In 2015/2016, high ocean temperatures led to global coral bleaching. A study under the leadership of the department of Marine Ecology at the University of Bremen now shows that coral reefs have the ability to recover from such disasters faster than anticipated – if humans leave them in peace.

This rate of recovery is among the fastest that has ever been observed for reefs,” says Christian Wild, head of the Marine Ecology working group. Anna Koester, PhD student in the working group, is the lead author of a study recently published in the Scientific Reports journal. The marine ecologist assumes that the remarkably fast recovery is mainly related to the special location of the reef: The research team investigated the condition of the corals in the Aldabra atoll, a sparsely populated archipelago located far out in the Indian Ocean. “There, human-made local factors such as nutrient pollution, marine pollution, and overfishing play virtually no role,” explains the scientist. That means it is the ideal location to investigate how the condition of damaged reefs changes when they are not exposed to human-induced stressors. 

The study of the researchers showed: The reefs located in the vast lagoon of the Aldabra atoll recovered in less than four years from the global coral bleaching of 2015/2016. At that time, up to two thirds of the corals had been damaged. The corals facing the open sea also recovered quickly, although not quite as fast as those in the protected lagoon. “Their exposure to currents and waves seems to play a role,” says Koester. In deeper waters, the recovery was much slower: In contrast to the reefs in shallow waters, the deeper corals recovered only gradually.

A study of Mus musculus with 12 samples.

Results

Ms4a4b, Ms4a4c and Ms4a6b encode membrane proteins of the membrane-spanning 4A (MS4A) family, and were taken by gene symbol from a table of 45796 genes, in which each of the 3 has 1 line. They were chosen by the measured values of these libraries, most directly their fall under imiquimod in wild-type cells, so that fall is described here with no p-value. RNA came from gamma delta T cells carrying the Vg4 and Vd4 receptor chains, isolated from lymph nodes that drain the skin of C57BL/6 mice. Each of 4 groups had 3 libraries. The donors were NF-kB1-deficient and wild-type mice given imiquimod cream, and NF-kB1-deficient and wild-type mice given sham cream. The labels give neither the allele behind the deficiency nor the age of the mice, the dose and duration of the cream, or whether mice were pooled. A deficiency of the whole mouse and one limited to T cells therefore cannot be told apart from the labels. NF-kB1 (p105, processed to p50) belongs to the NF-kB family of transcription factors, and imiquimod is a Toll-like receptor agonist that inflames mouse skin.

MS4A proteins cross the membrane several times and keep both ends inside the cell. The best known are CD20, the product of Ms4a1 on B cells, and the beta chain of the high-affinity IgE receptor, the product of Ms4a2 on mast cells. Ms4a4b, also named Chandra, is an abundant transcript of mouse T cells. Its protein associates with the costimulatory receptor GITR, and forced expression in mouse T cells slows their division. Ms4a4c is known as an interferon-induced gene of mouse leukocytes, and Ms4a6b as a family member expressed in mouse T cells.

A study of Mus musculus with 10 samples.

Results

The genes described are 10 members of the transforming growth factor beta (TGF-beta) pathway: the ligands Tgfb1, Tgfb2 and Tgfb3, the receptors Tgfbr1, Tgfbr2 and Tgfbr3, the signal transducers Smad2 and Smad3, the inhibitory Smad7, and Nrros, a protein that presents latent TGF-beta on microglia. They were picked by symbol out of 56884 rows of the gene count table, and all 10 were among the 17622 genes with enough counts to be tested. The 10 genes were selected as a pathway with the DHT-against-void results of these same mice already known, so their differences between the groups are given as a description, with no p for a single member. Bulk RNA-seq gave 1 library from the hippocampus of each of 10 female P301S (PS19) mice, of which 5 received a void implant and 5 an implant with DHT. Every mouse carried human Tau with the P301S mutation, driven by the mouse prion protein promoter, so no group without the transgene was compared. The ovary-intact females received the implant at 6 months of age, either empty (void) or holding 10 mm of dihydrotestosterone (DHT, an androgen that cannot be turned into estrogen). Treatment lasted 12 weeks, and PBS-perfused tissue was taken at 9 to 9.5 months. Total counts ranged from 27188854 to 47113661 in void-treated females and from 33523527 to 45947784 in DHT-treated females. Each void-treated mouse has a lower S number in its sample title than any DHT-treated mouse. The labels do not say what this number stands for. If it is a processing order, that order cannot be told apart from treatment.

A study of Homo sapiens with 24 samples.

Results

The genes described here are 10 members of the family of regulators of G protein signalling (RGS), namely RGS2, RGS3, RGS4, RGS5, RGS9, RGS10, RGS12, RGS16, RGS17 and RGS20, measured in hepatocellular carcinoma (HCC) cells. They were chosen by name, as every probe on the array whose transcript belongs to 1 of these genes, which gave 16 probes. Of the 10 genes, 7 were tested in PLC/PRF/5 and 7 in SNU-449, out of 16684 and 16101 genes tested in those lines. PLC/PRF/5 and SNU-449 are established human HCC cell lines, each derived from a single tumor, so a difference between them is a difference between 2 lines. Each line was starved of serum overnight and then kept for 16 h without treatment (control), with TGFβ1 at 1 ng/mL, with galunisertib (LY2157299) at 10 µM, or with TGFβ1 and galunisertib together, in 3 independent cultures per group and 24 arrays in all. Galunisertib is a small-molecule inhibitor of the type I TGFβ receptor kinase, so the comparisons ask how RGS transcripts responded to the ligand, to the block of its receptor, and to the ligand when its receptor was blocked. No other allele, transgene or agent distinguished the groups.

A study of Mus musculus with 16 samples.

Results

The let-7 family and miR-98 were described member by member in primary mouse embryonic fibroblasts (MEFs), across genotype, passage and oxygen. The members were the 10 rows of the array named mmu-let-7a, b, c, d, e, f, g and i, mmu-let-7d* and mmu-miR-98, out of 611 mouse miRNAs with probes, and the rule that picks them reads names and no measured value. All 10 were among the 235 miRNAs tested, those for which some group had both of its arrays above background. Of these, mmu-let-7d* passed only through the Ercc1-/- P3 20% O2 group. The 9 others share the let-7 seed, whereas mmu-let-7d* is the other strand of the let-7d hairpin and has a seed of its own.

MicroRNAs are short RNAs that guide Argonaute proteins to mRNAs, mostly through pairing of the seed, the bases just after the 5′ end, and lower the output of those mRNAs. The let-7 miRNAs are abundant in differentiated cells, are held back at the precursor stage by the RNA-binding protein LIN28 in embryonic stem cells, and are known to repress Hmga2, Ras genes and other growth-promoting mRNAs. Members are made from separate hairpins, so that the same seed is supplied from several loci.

Koester’s and Wild’s conclusion: If local stressors, such as nutrient pollution, can be significantly reduced, coral reefs can recover well and quickly from bleaching and have a chance to survive. Nevertheless, it is still essential to reduce the causes of coral bleaching, especially ocean warming. Because not every reef regenerates equally fast – especially in less protected environments, it requires more time. “All models predict that the rate of coral bleaching will increase in the future,” emphasizes Wild. In this case, even the up to now privileged coral reefs in the Aldabra lagoon would face hard times.

Further Information:

Study: Koester A, Migani V, Bunbury N, Ford A, Sanchez C, Wild C (in press): Early trajectories of benthic coral reef communities following the 2015/16 coral bleaching event at remote Aldabra Atoll, Seychelles. Scientific Reports

Link to study: www.nature.com/articles/s41598-020-74077-x

Link to Marine Ecology working group: www.uni-bremen.de/en/marine-ecology

www.uni-bremen.de/en/

 

Contact:

Anna Koester
Marine Ecology
Faculty of Biology/Chemistry
University of Bremen
Phone: +49 421 218- 63358
Email: anna.koesteruni-bremen.de

Prof. Dr. Christian Wild
Marine Ecology
Faculty of Biology/Chemistry
University of Bremen
Phone: +49 421 218- 63367
Email: christian.wilduni-bremen.de

 

Korallenbleiche eines Riffes bei Mahé, Seychellen.
Coral bleaching of a reef near Mahé, Seychelles. Unusually warm water temperatures have caused these corals to lose their symbiotic partners, small algae in their tissue, which normally provide them with nutrients through photosynthesis. As a result, much of their color disappears and the corals appear white. Coral bleaching can lead to the death of entire reefs.